The Netherlands' demolition of Spain in their opening World Cup match had pundits drooling about the return of Total Football, the Dutch style exemplified by Johan Cruyff that delighted the world in decades past.

But for coach Louis van Gaal, his nation have always played it their way.

"There was no euphoria in the team," Van Gaal said. "We have played Total Football. Nothing has changed in that respect. We are applying the Dutch principles."


That changed with last week's victory over the champions, even though, truth be told, the Netherlands retain a hard edge.

Van Gaal also often uses a 5-3-2 formation, in contrast to the 4-3-3 of the classic era. "It is assumed that to use three forwards is the Ducth tradition but I have a different view on this," he said.

The spirit of democracy that also characterised Total Football is still evident, with players feeling free to give their opinions to the coach. Both captain Robin van Persie and Arjen Robben have been vocal about the formation they would like to see employed. "I will always listen to the team and their message and I will take this into consideration and see if I agree. That's the way I always do it," Van Gaal said.

There had been injury worries over defenders Daley Blind and Ron Vlaar but these had cleared up, Van Gaal admitted. "Vlaar is ready to play, Blind is ready to play," he said. "All 23 players are fit."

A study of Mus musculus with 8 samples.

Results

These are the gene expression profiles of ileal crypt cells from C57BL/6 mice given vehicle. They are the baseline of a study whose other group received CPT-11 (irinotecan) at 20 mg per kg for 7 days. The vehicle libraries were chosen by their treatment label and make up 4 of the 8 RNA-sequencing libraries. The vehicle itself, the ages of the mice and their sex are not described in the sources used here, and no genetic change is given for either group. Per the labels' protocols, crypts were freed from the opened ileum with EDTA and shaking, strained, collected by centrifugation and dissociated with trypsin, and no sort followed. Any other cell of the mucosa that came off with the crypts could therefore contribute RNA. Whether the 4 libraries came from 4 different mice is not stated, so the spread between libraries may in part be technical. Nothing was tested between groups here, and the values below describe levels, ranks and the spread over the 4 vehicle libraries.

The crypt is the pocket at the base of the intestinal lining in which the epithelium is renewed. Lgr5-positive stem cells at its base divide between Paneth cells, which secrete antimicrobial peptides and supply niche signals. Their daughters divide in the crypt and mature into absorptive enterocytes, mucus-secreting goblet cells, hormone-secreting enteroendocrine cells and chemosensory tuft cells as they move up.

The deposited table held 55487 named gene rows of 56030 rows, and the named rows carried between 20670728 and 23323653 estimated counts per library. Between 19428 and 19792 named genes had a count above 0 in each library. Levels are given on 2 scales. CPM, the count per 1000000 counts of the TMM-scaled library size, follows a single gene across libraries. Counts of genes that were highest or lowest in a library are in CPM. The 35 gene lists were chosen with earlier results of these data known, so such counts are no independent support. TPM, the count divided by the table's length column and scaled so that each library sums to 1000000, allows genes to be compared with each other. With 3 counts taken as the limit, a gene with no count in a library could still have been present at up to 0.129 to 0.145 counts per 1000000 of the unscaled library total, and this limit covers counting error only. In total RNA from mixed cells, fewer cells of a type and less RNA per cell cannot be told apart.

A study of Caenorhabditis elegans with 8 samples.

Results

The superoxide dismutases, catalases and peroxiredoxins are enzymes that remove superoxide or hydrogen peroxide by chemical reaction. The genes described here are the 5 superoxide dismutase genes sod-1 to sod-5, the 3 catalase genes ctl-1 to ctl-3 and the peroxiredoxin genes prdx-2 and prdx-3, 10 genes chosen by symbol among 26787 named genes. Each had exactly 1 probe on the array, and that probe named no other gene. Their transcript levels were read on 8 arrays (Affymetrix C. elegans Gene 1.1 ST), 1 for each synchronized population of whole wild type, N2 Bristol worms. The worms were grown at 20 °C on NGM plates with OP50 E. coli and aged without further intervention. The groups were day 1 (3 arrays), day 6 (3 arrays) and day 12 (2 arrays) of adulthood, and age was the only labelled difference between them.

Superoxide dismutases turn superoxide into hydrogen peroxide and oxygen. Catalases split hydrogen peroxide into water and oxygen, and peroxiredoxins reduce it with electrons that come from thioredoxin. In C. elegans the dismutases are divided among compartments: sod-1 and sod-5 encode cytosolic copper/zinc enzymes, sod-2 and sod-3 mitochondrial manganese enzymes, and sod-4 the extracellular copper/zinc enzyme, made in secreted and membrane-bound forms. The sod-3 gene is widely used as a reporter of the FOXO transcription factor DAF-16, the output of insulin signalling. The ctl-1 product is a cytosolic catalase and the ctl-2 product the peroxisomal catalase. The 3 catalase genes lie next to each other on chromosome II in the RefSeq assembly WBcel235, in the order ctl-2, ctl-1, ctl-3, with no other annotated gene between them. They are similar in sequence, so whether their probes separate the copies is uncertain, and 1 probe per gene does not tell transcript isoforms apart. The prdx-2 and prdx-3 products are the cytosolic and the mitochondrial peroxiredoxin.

Australia, meanwhile, led by Tim Cahill, will take the fight to the Netherlands tonight, coach Ange Postecoglou insisted.

His side displayed plenty of determination in an opening 3-1 loss to Chile but are in a different weight class from the other teams in a group that also includes Spain.

While the Chileans are a tough side, the Australians will move up a division at Beira Rio stadium when they square off against the Dutch.

"That is going to be an enormous challenge for us to stop their attacking game but the other side of that is if we defend for 90 minutes there is only going to be one result and that won't be in our favour," Postecoglou said. "From our perspective it is just as important we are dangerous when we have the ball and we think we can be. We have fantastic support, they are really positive and right behind us.

"From our perspective, we know it is a massive challenge tomorrow, there is a lot at stake for both teams.

"If the Dutch win they are through to the next round and if we don't get a result then it is the end of our tourney."